More Companies Outsourcing Innovation

Ann All

While it's not uncommon for companies to outsource routine business tasks, they have been less inclined to outsource activities that involve intellectual property, such as research and development.


But resistance to outsourcing R&D is lessening, according to a recent Economist Intelligence Unit survey. The EIU expects the number of companies with at least some R&D activity occurring overseas to increase from the current 65 percent to 84 percent by 2010. The number of companies outsourcing R&D to third parties is also expected to grow from 64 percent to 75 percent.


Drivers include a desire to reduce the cost of innovation, tap into a larger talent pool, increase speed-to-market and make the innovation process more efficient, says the EIU. Top concerns include a loss of control of R&D activities, cited by 60 percent of respondents, and fear of intellectual property theft, mentioned by 44 percent of respondents.


Not everyone supports this idea. Blogger Loek Bakker says outsourcing innovation doesn't work because cost reduction, companies' primary motivation for outsourcing, is inherently incompatible with strategic R&D.


Still, few companies can afford to pursue the traditional model of employing a dedicated team of scientists for R&D. In addition to outsourcing R&D, companies are acquiring peers, partnering with universities and taking over VC-backed start-ups. Remaining internal research labs are being integrated into teams of other employees in an effort to shorten and simplify the product development cycle.


Companies are also inviting outsiders to contribute to R&D by opening up their APIs. Microsoft, for example, recently released a free game development kit for its xBox 360 and launched an online marketplace where folks can market game titles they've developed in an effort to spur added innovation.

Add Comment      Leave a comment on this blog post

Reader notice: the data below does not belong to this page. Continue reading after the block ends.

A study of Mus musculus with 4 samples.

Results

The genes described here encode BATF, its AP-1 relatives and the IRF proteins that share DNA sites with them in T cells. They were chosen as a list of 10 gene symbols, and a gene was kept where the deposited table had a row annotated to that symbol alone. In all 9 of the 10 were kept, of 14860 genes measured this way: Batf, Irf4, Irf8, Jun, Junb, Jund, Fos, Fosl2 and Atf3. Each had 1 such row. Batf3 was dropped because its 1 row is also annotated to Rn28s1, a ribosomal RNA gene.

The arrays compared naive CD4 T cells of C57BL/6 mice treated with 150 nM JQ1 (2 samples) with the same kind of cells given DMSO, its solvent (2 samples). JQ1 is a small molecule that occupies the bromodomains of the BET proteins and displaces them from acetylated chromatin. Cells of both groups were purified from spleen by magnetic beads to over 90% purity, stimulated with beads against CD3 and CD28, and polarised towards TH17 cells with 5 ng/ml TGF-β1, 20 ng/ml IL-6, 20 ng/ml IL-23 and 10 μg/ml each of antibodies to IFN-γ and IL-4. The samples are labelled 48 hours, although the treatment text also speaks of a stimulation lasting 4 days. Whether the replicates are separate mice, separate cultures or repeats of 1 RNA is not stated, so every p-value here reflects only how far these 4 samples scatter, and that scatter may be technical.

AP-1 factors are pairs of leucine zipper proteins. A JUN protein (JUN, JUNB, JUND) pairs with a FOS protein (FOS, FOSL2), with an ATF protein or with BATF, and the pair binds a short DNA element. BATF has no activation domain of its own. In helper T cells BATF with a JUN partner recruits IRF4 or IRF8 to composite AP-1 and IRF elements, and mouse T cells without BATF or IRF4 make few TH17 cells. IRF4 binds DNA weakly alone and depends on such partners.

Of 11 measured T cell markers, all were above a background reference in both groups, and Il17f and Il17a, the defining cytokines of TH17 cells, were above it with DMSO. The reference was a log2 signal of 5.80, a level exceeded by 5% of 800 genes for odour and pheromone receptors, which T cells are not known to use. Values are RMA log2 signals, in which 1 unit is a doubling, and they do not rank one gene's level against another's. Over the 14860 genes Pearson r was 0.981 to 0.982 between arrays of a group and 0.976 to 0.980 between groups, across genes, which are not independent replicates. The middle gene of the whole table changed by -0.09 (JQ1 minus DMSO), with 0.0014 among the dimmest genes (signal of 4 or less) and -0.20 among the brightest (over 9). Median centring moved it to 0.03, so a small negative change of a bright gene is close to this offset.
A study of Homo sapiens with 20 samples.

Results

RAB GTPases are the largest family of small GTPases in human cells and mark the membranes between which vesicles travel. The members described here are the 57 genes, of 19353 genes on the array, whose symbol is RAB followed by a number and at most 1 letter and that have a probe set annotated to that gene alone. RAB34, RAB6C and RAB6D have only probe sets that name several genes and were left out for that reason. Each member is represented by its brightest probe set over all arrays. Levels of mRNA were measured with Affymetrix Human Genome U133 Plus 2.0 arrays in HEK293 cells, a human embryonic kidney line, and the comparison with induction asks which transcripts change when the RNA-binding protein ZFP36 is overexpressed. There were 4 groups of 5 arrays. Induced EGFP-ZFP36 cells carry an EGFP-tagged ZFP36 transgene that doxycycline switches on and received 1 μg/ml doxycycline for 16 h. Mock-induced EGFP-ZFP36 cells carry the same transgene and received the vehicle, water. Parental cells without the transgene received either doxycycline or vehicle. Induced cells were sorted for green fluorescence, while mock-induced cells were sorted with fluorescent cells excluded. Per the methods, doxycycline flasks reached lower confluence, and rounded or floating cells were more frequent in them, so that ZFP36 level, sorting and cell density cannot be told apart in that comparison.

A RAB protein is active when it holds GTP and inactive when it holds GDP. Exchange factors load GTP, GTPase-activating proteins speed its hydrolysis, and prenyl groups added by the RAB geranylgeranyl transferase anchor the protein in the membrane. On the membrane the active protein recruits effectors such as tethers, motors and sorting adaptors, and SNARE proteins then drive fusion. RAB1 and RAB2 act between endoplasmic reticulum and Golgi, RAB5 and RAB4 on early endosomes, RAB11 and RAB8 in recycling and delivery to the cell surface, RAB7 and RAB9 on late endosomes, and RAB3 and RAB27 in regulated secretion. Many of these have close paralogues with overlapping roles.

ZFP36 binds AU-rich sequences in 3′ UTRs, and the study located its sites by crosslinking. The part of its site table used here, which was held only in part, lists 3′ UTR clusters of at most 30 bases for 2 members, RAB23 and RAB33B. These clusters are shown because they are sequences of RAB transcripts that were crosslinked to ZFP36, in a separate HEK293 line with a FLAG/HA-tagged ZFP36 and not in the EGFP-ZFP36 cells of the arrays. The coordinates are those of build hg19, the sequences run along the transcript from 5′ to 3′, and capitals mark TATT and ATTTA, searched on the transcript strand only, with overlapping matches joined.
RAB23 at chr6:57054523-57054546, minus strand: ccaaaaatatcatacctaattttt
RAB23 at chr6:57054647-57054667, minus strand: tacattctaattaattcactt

Apr 2, 2007 5:21 AM Mohan Mohan  says:
Yes Ann,During my interactions with technology executives and leaders, I find that they are looking beyond such publications touting Innovation Outsourcing. Essentially asking what does this mean to me and my organization? or how do I ensure my team also leverages such practices and applies them in our context? And this was the topic of my recent Cutter IT Journal paper where I also illustrate a case study on IT Innovation by establishing a Globalized Center of Excellence (CoE). Reply
May 20, 2010 3:27 AM Maria Tal Maria Tal  says:

Hi Ann,

It's true.  A lot of companies now are into outsourcing product development because there are much more advantages than disadvantages in terms of cost to the operations. We cannot blame these companies for doing this, because the rationale for every business activity should always be "minimum inputs - maximum output". Diminishing investment on expenses gives more venue for profit maximization. Expect the boom of outsource product development as demand for outsourcing is the way most businesses go.

May 21, 2010 6:20 AM Chris Williams Chris Williams  says: in response to Maria Tal

There's definitely nothing wrong in companies venturing into outsource product development. Service souring companies not only help client businesses perform a specific business task or function but they also engage in conducting product and market research development for them.

Jul 23, 2010 8:40 AM outsourcer outsourcer  says:

The risk written here about development outsourcing

are very true but there are ways on how to lessen if not totally avoid them. One of those is choosing the best provider, looking for the best place to find them. If I may just suggest, is the site that you need, you can find skilled providers here and get the quality of work you. 

Oct 12, 2010 12:04 PM FutureSlave FutureSlave  says:

At some point there will be no more jobs left, people will be next to be outsourced, meanings Americans have to look for jobs overseas. That will be the day our own children work as slaves overseas.